State Rep. Jake Johnson State Rep. Jake Johnson

Last Friday, within a day of the bill becoming law without his signature, Gov. Roy Cooper vetoed Senate Bill 37, which would have required school districts across the state to offer some in-person option for students.


The In-Person Learning Choice for Families bill, which passed the N.C. House and Senate with bi-partisan support, would have let students continue remote learning if they chose to, and directed North Carolina schools to provide in-classroom instruction. The bill is supported by more than $1.6 billion in new funds sent to public schools in separate legislation previously signed by the Governor.

The state legislature also fully funded state per-pupil allotments for schools, promised to "hold harmless" education budgets regardless of enrollment drops, and provided teacher salary step increases during the pandemic, in addition to the new federal funds. SB37 had passed the House by a vote of 77-42 and the Senate by a 31-16 vote.

“It is extremely disappointing to see the governor disregard the wishes of desperate parents, medical experts and students who are trying their best to regain a sense of normalcy," said Rep. Jake Johnson, R-Saluda. "It is my fear that children who do not have the choice for in-person learning will continue to fall behind, not just academically, but in developing social skills as well. I want to extend my thanks to all of the teachers and administrators who are already going above and beyond to offer in-person options to families and students.”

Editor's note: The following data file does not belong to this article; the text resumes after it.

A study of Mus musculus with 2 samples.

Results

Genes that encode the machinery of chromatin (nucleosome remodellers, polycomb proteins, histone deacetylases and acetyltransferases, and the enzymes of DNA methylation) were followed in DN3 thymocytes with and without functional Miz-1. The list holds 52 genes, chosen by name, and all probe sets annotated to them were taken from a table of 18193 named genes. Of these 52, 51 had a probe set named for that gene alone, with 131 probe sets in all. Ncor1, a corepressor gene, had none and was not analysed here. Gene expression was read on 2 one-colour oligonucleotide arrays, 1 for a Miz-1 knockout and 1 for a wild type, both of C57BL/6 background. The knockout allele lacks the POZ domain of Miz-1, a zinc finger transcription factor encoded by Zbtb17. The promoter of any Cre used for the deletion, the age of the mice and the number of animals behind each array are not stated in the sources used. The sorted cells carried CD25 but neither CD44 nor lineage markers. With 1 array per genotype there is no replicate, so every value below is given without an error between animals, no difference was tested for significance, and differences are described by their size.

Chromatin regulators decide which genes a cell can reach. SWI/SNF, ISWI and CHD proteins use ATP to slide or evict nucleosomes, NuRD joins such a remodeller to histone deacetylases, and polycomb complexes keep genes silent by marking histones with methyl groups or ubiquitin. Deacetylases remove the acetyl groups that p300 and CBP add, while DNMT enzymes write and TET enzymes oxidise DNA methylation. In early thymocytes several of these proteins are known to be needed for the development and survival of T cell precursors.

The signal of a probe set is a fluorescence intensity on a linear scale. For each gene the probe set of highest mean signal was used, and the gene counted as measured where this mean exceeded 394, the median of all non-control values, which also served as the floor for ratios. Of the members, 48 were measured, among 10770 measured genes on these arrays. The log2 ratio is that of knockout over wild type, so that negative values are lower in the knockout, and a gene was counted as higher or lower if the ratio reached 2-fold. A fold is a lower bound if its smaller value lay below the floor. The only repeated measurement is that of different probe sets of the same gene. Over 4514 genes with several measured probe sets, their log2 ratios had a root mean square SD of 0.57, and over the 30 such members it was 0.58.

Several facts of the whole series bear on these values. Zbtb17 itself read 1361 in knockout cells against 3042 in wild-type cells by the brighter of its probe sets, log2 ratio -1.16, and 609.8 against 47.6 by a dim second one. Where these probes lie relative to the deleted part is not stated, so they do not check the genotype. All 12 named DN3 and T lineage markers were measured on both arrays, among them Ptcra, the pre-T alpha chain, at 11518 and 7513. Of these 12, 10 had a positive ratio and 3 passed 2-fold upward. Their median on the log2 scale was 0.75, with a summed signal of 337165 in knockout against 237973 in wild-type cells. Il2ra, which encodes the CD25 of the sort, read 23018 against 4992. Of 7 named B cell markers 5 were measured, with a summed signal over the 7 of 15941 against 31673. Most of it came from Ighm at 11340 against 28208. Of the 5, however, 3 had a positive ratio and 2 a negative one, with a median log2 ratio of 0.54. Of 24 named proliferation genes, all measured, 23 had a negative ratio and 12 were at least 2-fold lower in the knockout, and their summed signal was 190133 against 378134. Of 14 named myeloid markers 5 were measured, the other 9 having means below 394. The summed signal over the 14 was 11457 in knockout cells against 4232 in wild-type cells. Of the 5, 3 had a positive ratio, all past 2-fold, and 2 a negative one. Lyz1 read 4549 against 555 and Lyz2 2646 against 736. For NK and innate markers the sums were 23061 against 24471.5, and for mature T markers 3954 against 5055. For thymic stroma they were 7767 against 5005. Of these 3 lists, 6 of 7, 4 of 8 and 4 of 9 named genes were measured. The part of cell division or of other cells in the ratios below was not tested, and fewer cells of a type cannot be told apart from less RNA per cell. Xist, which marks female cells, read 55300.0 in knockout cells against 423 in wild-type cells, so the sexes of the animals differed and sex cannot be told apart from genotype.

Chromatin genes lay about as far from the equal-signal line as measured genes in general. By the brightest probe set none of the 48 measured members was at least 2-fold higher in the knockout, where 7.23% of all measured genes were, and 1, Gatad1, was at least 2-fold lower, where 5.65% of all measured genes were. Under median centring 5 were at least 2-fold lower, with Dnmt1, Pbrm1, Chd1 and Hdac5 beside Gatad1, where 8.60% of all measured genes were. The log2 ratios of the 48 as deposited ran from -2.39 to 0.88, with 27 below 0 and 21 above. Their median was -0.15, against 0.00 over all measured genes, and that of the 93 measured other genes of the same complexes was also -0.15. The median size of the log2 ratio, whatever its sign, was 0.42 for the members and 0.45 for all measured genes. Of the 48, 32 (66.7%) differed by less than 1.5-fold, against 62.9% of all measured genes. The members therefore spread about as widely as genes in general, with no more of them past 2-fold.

The sentiment was also shared by House Speaker Tim Moore.

"The legislature has worked hard to find common ground with the Governor, but we have a constitutional duty to provide education access to our students and will pursue a veto override on behalf of North Carolina families," he said.

In his veto message, Cooper said he, too, supports reopening schools but with stricter health guidelines.

"Students learn best in the classroom and I have strongly urged all schools to open safely to in-person instruction and the vast majority of local school systems have done just that," he said. "However, Senate Bill 37 falls short in two critical areas. First, it allows students in middle and high school to go back into the classroom in violation of NC Department of Health and Human Services and CDC health guidelines. Second, it hinders local and state officials from protecting students and teachers during an emergency. ...  As written, the bill threatens public health just as North Carolina strives to emerge from the pandemic. Therefore, I veto the bill."